Time for action
JUST a few days after losing Bashir Bilour, Pakistan has moved on to the next news story — something the country now tends to do after every tragedy it suffers at the hands of violent extremism. But the danger in moving on so rapidly, without doing anything about such a serious threat, is that the threat only gets bigger. The last 10 days alone have brought us face to face with the outcome of repeatedly brushing this problem under the carpet: an outbreak of attacks in Khyber Pakhtunkhwa, including against military installations, and the assassinations of Mr Bilour and polio workers. Karachi’s sectarian violence, which has taken several lives and nearly brought the city to a standstill, may be a local phenomenon, but that too seems to have links to the militancy based in the tribal areas.
What this means for the country has been eloquently laid out by the Khyber Pakhtunkhwa chief minister and the head of the ANP over the last couple of days as they mourned the loss of their colleague, and they have called for immediate
decision-making by the civilian and military leadership about how to tackle the threat. The key here is urgency; if militants are not willing to renounce violence, there needs to be decisive military action against them, and soon. As importantly, the ANP leaders spoke out against misleading arguments that are routinely used, including by the leaders of some mainstream parties: claiming things will improve as soon as Western forces leave Afghanistan; making distinctions between ‘good’ and ‘bad’ Taliban; and focusing on drone strikes when attacks by Pakistan-based militants, both foreign and Pakistani, are violating the country’s sovereignty just as much as drones are.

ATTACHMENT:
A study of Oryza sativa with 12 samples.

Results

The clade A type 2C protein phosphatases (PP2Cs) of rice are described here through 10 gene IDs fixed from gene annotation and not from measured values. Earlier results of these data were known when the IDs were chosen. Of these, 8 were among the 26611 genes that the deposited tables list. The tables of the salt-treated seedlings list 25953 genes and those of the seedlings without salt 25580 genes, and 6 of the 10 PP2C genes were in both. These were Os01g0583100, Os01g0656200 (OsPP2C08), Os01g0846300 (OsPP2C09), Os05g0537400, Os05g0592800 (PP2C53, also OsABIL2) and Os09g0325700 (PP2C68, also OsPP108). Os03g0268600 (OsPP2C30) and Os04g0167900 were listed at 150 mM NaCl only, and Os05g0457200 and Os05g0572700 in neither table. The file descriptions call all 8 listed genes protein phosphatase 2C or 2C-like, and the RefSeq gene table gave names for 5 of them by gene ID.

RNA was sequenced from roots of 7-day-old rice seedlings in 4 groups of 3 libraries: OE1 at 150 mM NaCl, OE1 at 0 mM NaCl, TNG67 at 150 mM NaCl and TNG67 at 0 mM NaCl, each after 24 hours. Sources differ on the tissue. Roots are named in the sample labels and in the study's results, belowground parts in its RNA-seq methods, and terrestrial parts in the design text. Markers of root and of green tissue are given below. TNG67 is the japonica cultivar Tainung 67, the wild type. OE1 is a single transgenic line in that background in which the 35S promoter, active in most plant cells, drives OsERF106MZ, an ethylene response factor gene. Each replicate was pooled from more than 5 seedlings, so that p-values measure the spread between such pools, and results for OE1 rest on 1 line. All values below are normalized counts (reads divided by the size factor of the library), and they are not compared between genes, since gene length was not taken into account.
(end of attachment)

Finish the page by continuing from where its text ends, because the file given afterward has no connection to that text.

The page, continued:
Their comments got to the crux of the issue — what is needed now is speed and clarity. First, clarity on what specific steps will be taken next. And if decisive military action is not possible at the moment, a clear and public explanation for why it is not possible. Ideally this would be done with the input of all major political parties, but there is no time for absolute consensus. Once there is broad agreement within parliament on Pakistan’s stand on extremism, it is the responsibility of the government and military to take specific decisions and actions. This is turning out to be one of the most delicate moments in Pakistan’s nearly decade-long struggle against militancy, with the list of targets expanding and the attackers demonstrating that they have recovered from any setbacks they may have suffered at the hands of earlier military campaigns. Our leaders ignore it at the country’s peril.